As some sort of postsecondary education has become all but required for a well-paying career in today’s economy, the students and families shelling out money for a college education want to be assured they’ll see a good return on investment. According to an online survey of 1,011 U.S. residents ages 16-40, who were largely prospective college students (with the remainder in their first semester of college), the top reasons to decide to go to college among the reasons listed in the survey are: 1) To improve employment opportunities (91 percent); 2) To make more money (90 percent); and 3) To get a good job (89 percent). In fact, 7 out of 10 students describe each of these items as very important. The survey was commissioned by New America and conducted by Harris Poll October-November of 2014.
While financial considerations matter in deciding whether to go to college, they also play a critical role when considering what specific college to attend. When asked how important a list of factors are when considering a specific college—such as the availability of financial aid, the college’s location, the percentage of students graduating, athletics and sports teams—respondents are most concerned about the majors and programs that are offered (93 percent ranked this as important or very important). Following closely behind this main factor, students are most concerned about the availability of financial aid and how much a specific college costs (88 percent rated this as an important or very important factor). In fact, when pressed to list the single most important factor, two out of three students (63 percent) were most concerned with how much a specific college costs.
Ideally, we like to think of college as an abstract opportunity for learning, development, and growth. College can and should be those things, but cost is an unavoidable context. As our survey shows, financial considerations are oftentimes the driving factor behind the decision whether and where to go to college.
Institutions and policymakers must be aware of students’ price concerns as they think about how best to promote access and success, including crafting policies that drive down the cost of college and better target financial aid to the low- and moderate-income students who need it most. In addition, policymakers should focus on using data to help students better understand the return on a college degree.
Read Part 1: Deciding to Go to College here.
More About the College Decisions Survey
New America commissioned Harris Poll to create and administer the College Decisions Survey. A national online survey was conducted between October 7th and November 3rd, 2014. The sample included 1,011 completed interviews and consisted of U.S. residents ages 16 to 40 who do not have college degrees and plan on enrolling in a two-year or four-year college within the next 12 months (n=747). The survey also included individuals who were in the first semester of their first year at a two-year or four-year college (n=264).
The five College Decisions Survey briefs will be released during the spring and summer of 2015 and will cover topics including:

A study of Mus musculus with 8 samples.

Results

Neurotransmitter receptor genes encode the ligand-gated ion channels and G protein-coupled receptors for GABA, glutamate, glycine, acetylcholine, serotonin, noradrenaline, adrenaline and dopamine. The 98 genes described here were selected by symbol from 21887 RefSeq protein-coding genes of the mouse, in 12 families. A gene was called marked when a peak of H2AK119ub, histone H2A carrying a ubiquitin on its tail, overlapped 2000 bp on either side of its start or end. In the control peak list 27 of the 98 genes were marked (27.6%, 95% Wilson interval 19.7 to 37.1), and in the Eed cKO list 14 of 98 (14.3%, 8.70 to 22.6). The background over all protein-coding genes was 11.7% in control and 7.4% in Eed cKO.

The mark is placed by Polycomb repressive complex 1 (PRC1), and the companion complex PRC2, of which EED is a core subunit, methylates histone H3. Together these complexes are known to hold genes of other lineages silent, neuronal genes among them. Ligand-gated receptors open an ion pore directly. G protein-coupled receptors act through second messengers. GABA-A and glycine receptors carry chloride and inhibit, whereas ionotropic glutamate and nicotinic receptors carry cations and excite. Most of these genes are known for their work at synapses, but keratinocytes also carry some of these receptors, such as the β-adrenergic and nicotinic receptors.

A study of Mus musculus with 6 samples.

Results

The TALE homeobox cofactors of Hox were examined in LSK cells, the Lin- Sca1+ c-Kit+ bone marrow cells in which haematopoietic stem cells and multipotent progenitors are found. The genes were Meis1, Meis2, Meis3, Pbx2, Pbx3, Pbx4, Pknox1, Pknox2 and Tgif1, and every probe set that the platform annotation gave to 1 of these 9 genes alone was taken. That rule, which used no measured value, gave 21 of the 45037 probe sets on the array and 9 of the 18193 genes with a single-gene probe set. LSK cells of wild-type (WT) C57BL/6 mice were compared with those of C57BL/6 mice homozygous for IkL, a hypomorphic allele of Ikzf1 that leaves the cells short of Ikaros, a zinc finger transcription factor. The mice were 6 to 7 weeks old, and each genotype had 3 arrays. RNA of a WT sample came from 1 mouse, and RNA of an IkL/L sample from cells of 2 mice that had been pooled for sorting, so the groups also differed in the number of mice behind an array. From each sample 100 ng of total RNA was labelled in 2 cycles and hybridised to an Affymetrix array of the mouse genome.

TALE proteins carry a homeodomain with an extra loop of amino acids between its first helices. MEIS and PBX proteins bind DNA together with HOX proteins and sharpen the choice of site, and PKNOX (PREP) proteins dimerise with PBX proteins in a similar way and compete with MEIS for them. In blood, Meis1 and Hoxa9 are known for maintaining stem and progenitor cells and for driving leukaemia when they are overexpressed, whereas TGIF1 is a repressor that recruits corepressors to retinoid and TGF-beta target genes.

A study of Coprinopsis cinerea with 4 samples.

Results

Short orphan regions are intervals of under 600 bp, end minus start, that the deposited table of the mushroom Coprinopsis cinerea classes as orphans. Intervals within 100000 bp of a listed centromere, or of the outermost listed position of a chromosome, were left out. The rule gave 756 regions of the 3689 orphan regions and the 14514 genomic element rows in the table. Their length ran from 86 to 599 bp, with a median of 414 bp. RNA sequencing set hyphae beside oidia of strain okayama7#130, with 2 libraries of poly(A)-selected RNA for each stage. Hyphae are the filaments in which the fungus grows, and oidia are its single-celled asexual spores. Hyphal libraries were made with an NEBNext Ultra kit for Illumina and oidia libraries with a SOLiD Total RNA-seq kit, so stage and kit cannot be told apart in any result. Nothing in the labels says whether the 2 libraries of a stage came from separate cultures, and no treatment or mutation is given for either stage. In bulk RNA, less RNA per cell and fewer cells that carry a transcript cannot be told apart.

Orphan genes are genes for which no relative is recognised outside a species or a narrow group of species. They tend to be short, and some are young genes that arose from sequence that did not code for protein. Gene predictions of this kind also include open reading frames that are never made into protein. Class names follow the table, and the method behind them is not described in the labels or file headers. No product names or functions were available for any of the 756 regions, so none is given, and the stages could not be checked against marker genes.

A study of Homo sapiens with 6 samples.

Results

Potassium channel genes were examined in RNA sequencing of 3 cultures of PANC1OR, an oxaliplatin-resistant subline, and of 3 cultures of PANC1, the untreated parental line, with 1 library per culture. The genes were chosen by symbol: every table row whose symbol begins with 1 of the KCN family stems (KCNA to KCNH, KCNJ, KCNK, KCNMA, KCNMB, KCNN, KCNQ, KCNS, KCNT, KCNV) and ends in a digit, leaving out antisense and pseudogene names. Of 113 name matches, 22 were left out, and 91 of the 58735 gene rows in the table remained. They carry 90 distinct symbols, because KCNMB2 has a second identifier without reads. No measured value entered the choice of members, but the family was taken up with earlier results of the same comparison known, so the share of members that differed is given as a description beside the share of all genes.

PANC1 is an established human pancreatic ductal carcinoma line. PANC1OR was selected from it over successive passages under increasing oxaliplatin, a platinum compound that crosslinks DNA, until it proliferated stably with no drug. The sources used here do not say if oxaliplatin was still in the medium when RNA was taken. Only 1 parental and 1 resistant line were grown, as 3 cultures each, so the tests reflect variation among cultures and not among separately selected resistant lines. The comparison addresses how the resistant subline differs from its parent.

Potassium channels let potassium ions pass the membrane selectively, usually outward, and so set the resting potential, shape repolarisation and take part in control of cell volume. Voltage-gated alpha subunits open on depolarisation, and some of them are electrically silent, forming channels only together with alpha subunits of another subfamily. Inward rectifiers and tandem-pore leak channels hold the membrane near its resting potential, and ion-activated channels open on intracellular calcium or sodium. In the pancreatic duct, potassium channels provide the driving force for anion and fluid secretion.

- Financial concerns during the postsecondary decision-making process
- The application process for different types of students
- Students’ familiarity with financial aid
- Students’ ability to estimate their loan debt and monthly payments
- The college search process and helpfulness of various common resources
New America commissioned Harris Poll to create and administer the survey. A national online survey was conducted between October 7th and November 3rd, 2014. The sample included 1,011 completed interviews and consisted of U.S. residents ages 16 to 40 who do not have college degrees and plan on enrolling in a two-year or four-year college within the next 12 months. The survey also included individuals who were in the first semester of their first year at a two-year or four-year college (n=264 for recently-enrolled students; n=747 for prospective students). We did this in part to ensure we had a large enough sample size to understand college-going behavior. Recently-enrolled students are not far removed from the college search process, and thus are able to reflect on the process. In our briefs, unless explicitly noted, both the prospective and recently-enrolled students are combined, and we refer to this group as “students.”
Data was weighted to ensure that it is balanced and accurately represents the population of interest for the study. Harris Poll’s weighting algorithm included a propensity score which allows Harris Poll to ensure that the results obtained online are projectable to the entire population of interest. A more detailed description of the weighting, methodology, and instrument for this survey can be accessed here.
New America also conducted one follow-up focus group to ask prospective students about how they decide where to go to college and how to finance their postsecondary education. This focus group was conducted by FDR Group in Baltimore, Maryland on February 12, 2015. The focus group included nine individuals, ages 18 to 36, of various ethnicities and household incomes. Since the focus group participants were not randomly selected, their experiences and comments are not generalizable to the population of study featured in the survey. Quotes from these focus groups are used for the sole purpose of introducing student voice into the briefs. The screener and transcript can be accessed here."